Blinken and Meloni
US Secretary of State Antony Blinken came a away from a NATO meeting of foreign ministers on Wednesday with the conclusion that the alliance is holding strong on supporting Ukraine, despite the avalanche of negative reports on how Ukrainian forces are fairing on the battlefield.

He told a press briefing there is "no sense of fatigue" among NATO allies and they are remaining firm. "We must and we will continue to support Ukraine," he said following the NATO meeting in Brussels.

His words seemed by design a flat rejection of the avalanche of headlines which go to back to at least the summer which warned of increasing 'war fatigue' among Western publics and among political leadership.

But more specifically there have been echoes of fatigue voiced by NATO countries' top leadership:
In particular, Giorgia Meloni, the Italian prime minister, fell victim to a prank call from a pair of Russian comedians where she acknowledged international "fatigue" over the war in Ukraine.

"There is a lot of fatigue, I have to say the truth, from all the sides," she said.

"The problem is to find a way out which can be acceptable for both, without destroying the international law."

Ms Meloni since said she regretted the comments and that Italy will continue to back Ukraine.
The fact that Blinken now has to address the question of alliance members' fatigue head on is itself very telling. It also comes after the Israel-Gaza conflict has for the past eight weeks dominated the globe's attention. Gone are the days of Zelensky addressing packed out parliaments and Western audiences greeting him as if he's a rock star.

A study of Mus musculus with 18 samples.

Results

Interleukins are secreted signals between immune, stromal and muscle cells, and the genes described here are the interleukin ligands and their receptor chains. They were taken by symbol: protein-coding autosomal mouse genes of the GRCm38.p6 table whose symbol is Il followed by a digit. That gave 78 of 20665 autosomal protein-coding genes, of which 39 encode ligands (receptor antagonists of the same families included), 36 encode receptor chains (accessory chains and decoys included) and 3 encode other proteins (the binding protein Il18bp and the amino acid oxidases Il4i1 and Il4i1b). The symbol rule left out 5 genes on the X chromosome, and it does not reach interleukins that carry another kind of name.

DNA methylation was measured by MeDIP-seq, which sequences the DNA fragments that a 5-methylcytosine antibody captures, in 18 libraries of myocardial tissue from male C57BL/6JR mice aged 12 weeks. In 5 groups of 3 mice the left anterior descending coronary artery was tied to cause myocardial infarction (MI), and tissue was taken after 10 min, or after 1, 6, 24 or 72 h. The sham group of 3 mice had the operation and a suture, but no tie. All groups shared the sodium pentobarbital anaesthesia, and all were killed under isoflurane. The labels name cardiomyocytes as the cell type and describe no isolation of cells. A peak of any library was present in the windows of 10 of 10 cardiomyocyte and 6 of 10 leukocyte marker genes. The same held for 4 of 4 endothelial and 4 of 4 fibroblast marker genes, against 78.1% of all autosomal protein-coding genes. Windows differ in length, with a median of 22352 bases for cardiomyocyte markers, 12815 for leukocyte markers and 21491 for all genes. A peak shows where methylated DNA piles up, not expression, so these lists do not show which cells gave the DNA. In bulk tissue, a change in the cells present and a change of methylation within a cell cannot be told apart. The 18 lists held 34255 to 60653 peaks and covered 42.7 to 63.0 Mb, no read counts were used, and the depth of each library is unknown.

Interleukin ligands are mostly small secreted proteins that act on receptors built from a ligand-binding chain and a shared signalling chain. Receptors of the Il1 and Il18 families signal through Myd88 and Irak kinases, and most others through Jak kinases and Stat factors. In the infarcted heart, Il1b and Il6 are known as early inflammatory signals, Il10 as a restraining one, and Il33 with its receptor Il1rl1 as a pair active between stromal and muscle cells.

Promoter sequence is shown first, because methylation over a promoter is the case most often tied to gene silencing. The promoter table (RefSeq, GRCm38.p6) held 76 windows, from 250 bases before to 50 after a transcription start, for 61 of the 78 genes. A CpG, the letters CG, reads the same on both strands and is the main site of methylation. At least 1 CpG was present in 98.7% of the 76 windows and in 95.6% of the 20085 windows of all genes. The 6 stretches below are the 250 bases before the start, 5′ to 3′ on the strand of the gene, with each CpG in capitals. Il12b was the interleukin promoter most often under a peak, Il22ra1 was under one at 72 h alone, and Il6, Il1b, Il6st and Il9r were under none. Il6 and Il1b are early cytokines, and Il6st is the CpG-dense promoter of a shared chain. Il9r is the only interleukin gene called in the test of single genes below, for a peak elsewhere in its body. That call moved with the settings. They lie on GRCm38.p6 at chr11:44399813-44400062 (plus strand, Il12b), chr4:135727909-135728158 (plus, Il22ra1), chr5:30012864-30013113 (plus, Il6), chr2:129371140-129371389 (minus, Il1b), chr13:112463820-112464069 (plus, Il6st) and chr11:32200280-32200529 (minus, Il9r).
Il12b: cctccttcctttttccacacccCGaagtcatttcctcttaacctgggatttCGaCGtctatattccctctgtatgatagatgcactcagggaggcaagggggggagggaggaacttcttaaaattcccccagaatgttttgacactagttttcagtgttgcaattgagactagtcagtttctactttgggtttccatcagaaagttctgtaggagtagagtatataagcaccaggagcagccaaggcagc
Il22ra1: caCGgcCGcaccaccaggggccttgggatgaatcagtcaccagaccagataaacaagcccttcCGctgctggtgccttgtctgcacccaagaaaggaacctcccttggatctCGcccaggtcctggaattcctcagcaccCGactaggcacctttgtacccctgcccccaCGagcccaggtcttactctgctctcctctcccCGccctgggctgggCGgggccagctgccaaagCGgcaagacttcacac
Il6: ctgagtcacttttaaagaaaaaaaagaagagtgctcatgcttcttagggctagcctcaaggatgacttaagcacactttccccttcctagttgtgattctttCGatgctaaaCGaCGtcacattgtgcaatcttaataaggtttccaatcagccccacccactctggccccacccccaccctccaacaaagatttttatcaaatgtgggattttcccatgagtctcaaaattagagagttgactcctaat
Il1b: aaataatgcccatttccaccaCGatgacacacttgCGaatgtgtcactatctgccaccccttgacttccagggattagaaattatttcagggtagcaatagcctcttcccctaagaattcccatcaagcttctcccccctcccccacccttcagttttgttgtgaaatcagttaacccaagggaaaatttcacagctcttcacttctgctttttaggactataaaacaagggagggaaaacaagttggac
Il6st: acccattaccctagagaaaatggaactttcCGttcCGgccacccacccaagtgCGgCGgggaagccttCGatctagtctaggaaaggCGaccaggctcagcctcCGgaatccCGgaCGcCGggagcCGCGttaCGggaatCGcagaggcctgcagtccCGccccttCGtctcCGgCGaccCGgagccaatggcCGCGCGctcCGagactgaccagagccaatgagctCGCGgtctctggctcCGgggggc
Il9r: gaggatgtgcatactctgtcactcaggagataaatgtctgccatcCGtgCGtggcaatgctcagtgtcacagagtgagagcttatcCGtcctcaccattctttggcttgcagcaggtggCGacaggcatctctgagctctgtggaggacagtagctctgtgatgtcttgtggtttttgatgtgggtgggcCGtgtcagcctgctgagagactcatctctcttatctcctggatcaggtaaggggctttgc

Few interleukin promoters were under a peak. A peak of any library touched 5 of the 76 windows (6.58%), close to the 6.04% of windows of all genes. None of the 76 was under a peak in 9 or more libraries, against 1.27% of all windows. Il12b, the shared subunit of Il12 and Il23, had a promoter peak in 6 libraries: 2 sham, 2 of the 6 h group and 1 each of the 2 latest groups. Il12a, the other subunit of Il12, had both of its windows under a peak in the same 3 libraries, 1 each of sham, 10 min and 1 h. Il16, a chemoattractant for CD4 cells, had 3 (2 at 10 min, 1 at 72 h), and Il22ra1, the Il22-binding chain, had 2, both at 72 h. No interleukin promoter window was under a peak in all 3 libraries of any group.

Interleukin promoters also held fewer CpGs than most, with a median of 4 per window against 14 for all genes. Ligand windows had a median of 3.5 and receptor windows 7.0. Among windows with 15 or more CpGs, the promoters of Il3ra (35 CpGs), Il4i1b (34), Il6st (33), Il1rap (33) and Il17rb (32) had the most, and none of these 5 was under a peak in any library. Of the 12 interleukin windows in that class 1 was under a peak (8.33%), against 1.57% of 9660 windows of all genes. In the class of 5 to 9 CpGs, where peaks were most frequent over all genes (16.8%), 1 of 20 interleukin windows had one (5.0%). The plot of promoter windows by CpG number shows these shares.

Winter is coming, and the already stalemated front line situation will likely get a lot worse. NATO Secretary Jens Stoltenberg warned of precisely this in Brussels, saying Russia amassed a large missile stockpile ahead of winter, as cited in Reuters. Other sources have also pointed to Russia's amassing more missiles...

"It is important that our solidarity with Ukraine is not only demonstrated in words but also in deeds," Stoltenberg continued, arguing that the Western allies must do more. "These are concrete actions, we need more of them and we need sustained and stepped up support."

Both the US and Kiev have meanwhile denied recent and growing reports that Washington is pressuring the Zelensky government behind the scenes to negotiate for ceasefire, which would necessitate territorial concessions. Yet, the US government's own social media accounts strongly suggest otherwise...

Ukraine is still vowing it "won't back down" and has consistently refused to so much as consider or discuss the prospect of direct peace negotiations so long as President Vladimir Putin is in power.